Sunday, June 13, 2021



A language in conjunction with culture, religion and history is an important component of nationality formation. Languages plays a very important role in different transitional phases. About 420 languages and dialects of different languages families are used in a complex and wide ranging ethno and socio-linguistic configuration in north-east India.

The dialect of the Tripuris is known as Kak-Barak, the literal meaning of which is the language of men (kak means words and barak means men). The dialect belongs to the Tibeto-Burman group of languages and its root can be traced to Sino-Tibetan speech family. The Kal-Barak dialect has no script of its own and is written in Bengali script.

Bengali is the most important and dominant languages of the state. The erstwhile rulers of the state accepted Bengali as the state languages and as a language of administration. About 80% of the people use Bengali in their day-to-day activities. Tripuri, the language of the community, is also written in Bengali script. Almost all Tripuris can speak and understand Bengali. A large number of Tripuras (Tripuris) who know Bengali much better than Tripuri have recorded the former languages as their mother tongue. As a language next to Bengali comes Tripuri which is mostly prevalent in Sadar, Khowai, Amarpur and Kailashahar sub division, besides some areas adjoining the Chittagong Hill Tracts.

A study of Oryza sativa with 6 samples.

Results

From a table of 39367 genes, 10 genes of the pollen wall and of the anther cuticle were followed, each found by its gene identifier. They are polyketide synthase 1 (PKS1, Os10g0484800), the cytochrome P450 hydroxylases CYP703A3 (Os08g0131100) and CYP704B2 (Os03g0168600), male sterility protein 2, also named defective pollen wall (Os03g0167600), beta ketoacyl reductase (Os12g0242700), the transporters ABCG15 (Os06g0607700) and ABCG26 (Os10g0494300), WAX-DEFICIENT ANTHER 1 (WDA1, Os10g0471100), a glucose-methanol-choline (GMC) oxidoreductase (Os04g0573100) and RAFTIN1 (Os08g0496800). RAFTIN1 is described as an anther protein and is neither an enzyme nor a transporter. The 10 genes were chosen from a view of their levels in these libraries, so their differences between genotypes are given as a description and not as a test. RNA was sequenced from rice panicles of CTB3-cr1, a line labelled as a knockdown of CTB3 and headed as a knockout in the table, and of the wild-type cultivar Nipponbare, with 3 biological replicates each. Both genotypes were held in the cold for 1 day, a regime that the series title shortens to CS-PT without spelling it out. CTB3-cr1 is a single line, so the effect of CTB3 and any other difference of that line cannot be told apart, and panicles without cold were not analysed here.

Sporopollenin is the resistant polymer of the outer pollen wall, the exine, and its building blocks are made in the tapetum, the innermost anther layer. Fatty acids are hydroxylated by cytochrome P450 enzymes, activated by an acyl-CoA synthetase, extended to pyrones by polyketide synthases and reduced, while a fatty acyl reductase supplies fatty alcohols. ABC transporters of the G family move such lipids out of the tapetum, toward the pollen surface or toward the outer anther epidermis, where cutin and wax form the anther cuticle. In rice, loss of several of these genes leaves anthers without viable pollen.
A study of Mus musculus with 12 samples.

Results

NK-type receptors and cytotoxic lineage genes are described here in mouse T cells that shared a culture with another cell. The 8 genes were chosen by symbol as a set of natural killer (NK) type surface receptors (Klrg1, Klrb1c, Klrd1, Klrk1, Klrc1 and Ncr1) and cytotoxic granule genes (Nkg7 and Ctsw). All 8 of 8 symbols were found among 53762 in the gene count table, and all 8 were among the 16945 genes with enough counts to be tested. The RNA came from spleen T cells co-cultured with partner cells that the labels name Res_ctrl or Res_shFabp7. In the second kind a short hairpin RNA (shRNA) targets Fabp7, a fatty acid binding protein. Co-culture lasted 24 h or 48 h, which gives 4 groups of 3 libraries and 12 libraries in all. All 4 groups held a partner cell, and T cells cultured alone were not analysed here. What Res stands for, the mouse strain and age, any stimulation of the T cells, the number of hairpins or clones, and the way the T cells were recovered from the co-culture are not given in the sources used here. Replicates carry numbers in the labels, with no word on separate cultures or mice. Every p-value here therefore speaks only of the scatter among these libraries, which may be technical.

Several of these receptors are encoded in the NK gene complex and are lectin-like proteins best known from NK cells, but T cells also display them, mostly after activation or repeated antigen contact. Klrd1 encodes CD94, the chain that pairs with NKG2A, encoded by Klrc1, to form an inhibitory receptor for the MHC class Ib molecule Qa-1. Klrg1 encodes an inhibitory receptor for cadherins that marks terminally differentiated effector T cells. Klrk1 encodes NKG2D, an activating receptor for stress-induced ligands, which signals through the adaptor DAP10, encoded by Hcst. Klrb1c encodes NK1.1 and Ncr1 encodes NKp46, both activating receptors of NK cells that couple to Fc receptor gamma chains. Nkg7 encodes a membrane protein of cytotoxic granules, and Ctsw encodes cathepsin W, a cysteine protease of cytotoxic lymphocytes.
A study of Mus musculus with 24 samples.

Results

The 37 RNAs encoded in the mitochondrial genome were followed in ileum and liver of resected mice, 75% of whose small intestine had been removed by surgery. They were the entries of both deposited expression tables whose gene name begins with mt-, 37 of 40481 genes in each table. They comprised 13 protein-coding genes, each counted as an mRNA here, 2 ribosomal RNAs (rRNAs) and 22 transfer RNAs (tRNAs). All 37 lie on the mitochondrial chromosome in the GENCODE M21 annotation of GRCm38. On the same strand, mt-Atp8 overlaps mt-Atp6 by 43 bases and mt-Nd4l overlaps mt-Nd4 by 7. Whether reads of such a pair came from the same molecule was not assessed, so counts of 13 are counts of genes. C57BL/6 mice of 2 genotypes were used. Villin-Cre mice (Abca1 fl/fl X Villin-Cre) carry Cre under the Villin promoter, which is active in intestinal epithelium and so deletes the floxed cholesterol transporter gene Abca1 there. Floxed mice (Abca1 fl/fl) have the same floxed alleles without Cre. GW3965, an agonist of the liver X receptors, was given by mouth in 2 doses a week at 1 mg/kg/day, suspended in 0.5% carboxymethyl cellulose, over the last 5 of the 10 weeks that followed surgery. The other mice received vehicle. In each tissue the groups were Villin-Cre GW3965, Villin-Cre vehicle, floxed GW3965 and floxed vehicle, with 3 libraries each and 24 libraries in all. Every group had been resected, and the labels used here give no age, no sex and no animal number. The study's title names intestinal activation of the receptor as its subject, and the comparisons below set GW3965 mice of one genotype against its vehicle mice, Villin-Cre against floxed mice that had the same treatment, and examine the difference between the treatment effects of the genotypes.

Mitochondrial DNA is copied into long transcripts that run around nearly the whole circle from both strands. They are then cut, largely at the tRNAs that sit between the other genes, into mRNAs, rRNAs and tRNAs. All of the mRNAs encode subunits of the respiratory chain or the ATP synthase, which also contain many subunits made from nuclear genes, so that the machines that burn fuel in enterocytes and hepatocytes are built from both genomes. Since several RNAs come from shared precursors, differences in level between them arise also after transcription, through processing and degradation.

Halam is the mother tongue of Halam tribe and Rankhal, is their dialect which is considered to be an offshoot of the Halam dialect. Most of the Halam can follow Tripuri language.

The influence of Bengali over the Chakma language is quite predominant. The Mogh community whose number is not large, speak the language of Burma, and is found mostly in Sabrum and Belonia sub-divisions.